Ever wondered how maps are made? You know, those paper things that look a bit like a giant, fold-out SatNav? As recently as the 1950s, before the days of computerisation, cartographers drew them by hand, working from land survey data and the odd aerial photograph. Here’s a picture of a couple of them doing their thing. Everyone looked like Charles Hawtrey in those days.
1935 saw the launch of the great Retriangulation of Great Britain, a campaign by the Ordnance Survey to bring the charted record of the whole nation up to date. This gargantuan task involved sending out surveyors to erect triangulation pillars (Trig Points) atop wind and rain blasted peaks throughout the land. These beleaguered souls had to work in all conditions, getting soaked through, frozen to the bone and lashed by vicious gales as they lugged the rocks, stones, concrete mix and whatever else was required to build those indestructible triangulation pillars on bleak, remote hilltops. (The sort of task you might associate with Hercules, not Hawtrey). If they were lucky they might be given a horse to help.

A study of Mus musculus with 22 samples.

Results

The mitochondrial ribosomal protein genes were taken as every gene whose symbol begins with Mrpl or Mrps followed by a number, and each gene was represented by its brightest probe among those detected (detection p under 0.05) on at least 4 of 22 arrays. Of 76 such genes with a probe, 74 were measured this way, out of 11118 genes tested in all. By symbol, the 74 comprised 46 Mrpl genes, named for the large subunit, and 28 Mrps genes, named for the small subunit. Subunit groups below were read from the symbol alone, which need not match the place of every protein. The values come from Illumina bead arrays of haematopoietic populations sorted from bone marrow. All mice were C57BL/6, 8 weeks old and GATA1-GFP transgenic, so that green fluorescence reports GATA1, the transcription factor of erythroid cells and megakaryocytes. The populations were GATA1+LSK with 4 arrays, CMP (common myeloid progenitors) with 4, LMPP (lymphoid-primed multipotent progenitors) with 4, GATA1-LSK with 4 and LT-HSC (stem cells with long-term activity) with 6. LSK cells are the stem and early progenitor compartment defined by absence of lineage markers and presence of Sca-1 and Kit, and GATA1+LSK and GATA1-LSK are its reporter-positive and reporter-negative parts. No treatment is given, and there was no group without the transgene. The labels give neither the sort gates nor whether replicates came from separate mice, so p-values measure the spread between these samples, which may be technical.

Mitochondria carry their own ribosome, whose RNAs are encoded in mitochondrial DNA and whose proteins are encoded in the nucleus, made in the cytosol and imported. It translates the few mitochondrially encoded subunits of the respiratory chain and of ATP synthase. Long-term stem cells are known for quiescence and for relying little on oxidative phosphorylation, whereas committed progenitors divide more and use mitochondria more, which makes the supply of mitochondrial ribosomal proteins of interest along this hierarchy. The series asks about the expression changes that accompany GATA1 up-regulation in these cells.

It took until 1962 to complete the job. Around 6,000 Trig Points were built in all, enabling those heroic cartographers to map the country with far greater accuracy. So next time you’re out rambling with your Ordnance Survey map and you come across a Trig Point, spare a thought for the poor sod who had to get it there, and raise your Thermos to the intrepid cartographer.
This nugget of historical interest was discovered while researching The British at Work (Arcturus Publishing), due for publication later this year. Look out for it in all good garden centres and National Trust gift shops.